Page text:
Federal Way school levies: Public discusses pros and cons

With the Feb. 14 special election fast approaching, the conversation continues over the pros and cons of the two levy measures for Federal Way Public Schools.

The Educational Programs and Operations (EPO) levy will continue what Federal Way taxpayers are already paying for the general operations of schools. The school district seeks a $53 million levy that will last two years. The current levy was approved three years ago and expires in 2012. About 80 percent of this levy money goes to basic education. The other levy is a six-year $60 million capital levy that will help rebuild Federal Way High School. Some of the money will be earmarked to help build play structures and play areas at 19 of the district’s elementary schools.

Steve Edmiston, a parent who has one child in the school district and another who graduated, supports the levies because of his own experiences in being in a school district where levy proposals failed.

“I went to Mt. Rainier High School in the late ‘70s and early ‘80s. I lived through all of those levy failures. I’m here tonight as a product of public high school education, and with kids in public high school, to say I’m for the levy…I’ve been on the downside of that,” he said. “I still remember what we didn’t have as students in our public high school at that time.”

Edmiston said he’s encountered a discomforting train of through recently among some in the community regarding voting in the Feb. 14 election. Referencing a Jan. 23 open house meeting about the levies, he worries there is “a linkage between our hot button issue of Standards Based Education and whether or not we should vote yes or no in February on the levy. People are saying, ‘I’m not going to vote for the levy because I’m so mad about Standards Based Education. I’m going to send a message.’”

The concerned parent said he finds this disturbing, and likened it to an attitude of “I’m taking my ball and going home.” While advocacy for issues is something he feels is a positive, letting it affect a vote on such a crucial issue would be dangerous, he said.

“We can advocate for what we think the philosophy of education should be, we can advocate a curriculum, we can vote for or against board members. But the only people we’ll hurt if we vote no on this levy, is our students and our teachers.”

The all-volunteer group Citizens for Federal Way Schools is leading the public campaign in favor of both levies. Both levies have been endorsed by the Federal Way Chamber of Commerce and The Mirror’s editorial board.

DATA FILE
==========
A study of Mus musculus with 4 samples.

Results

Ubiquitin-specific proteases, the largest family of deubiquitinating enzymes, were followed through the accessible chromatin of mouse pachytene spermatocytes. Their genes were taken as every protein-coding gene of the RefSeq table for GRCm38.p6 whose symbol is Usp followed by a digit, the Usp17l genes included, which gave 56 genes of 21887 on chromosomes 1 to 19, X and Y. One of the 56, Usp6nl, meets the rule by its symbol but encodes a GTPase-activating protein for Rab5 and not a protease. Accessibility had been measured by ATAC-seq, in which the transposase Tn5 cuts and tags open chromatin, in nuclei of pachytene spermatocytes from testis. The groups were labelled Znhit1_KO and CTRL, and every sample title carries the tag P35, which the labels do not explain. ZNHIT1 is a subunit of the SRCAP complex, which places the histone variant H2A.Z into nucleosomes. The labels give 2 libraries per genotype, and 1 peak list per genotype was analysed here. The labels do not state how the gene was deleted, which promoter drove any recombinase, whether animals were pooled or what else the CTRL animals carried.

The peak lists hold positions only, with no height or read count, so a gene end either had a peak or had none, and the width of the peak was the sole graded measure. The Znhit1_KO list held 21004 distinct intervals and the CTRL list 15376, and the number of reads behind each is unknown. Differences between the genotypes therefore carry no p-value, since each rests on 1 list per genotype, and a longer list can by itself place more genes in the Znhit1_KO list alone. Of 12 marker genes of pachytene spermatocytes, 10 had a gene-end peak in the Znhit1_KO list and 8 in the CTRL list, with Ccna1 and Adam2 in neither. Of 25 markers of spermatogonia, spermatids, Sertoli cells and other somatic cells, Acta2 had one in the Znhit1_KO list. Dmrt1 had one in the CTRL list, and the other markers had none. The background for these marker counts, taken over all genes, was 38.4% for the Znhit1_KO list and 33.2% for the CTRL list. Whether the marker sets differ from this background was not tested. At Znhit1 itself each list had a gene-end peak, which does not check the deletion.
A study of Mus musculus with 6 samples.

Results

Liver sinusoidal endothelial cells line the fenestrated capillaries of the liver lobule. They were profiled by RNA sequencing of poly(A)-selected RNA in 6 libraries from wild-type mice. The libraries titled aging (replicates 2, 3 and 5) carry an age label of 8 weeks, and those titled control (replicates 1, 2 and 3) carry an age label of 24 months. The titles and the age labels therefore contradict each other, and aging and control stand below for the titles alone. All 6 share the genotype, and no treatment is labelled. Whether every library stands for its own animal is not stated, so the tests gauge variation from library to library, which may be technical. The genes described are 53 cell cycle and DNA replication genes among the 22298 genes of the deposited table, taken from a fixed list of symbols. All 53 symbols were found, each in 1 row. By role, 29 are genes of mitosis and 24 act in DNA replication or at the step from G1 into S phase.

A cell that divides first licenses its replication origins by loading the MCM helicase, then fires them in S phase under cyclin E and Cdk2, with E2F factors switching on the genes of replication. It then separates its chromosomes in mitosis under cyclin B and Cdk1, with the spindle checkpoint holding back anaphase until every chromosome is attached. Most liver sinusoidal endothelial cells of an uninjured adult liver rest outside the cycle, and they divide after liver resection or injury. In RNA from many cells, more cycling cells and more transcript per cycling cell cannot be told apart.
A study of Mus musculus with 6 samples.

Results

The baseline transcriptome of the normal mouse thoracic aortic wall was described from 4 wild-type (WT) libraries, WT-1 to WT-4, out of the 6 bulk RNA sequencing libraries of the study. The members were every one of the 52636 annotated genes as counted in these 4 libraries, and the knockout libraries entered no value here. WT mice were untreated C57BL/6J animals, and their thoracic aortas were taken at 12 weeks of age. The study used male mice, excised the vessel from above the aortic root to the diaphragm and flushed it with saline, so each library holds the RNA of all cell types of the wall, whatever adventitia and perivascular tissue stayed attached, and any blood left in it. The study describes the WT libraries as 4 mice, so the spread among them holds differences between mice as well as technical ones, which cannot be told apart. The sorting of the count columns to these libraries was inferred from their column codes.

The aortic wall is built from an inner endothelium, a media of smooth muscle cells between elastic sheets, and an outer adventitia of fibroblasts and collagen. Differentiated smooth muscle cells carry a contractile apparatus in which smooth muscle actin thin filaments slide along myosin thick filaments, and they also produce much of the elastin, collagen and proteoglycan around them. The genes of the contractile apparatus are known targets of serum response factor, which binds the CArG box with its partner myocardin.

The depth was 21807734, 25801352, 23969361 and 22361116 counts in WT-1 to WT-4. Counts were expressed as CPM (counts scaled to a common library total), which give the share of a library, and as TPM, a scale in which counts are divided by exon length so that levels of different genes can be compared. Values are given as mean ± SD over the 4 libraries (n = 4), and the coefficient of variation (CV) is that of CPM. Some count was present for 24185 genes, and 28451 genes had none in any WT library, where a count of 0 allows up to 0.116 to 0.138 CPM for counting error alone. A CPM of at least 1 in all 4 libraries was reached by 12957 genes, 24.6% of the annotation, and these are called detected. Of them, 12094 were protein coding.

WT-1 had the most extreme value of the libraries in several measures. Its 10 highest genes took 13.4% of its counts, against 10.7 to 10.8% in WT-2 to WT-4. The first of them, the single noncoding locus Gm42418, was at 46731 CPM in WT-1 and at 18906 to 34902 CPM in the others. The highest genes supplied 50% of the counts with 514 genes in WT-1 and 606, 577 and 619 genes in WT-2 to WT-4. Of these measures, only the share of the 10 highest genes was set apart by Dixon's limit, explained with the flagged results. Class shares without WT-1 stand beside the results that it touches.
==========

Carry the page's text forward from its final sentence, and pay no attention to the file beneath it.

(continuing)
Another group called Citizens for Better Federal Way Schools supports the EPO levy, but opposes the capital levy for rebuilding Federal Way High School. In an opposing statement for the special election voters pamphlet, the group calls for more public discussion and participation by principal employers in the region.

“There is no doubt that the current Federal Way High School is in need of replacement. Before committing ourselves to a $110 million capital expenditure, we believe that far more realistic planning is needed,” reads part of the opposing statement in the special election voters pamphlet. “School Management and Planning placed the median cost for comparable high schools nationwide to be around $45,000,000. FWPS cost analysis does not demonstrate that proper planning was implemented in preparing the Capital Levy request.”

Special election details

The Feb. 14 special election for both levy proposals will cost the school district about $200,000, according to the district. The special election is necessary because teachers must be notified by May 15 if they will have a contract for the next school year, and teachers’ salaries are wrapped up in the EPO levy, according to the district.

If Federal Way voters reject either levy, the district can present the proposals to voters on one more ballot in 2012, likely in April. Both proposals need a simple majority (50 percent plus one) to pass.

The ballots and voters pamphlets for the special election were mailed together on Jan. 25. Voting for the Feb. 14 special election will be done entirely by mail.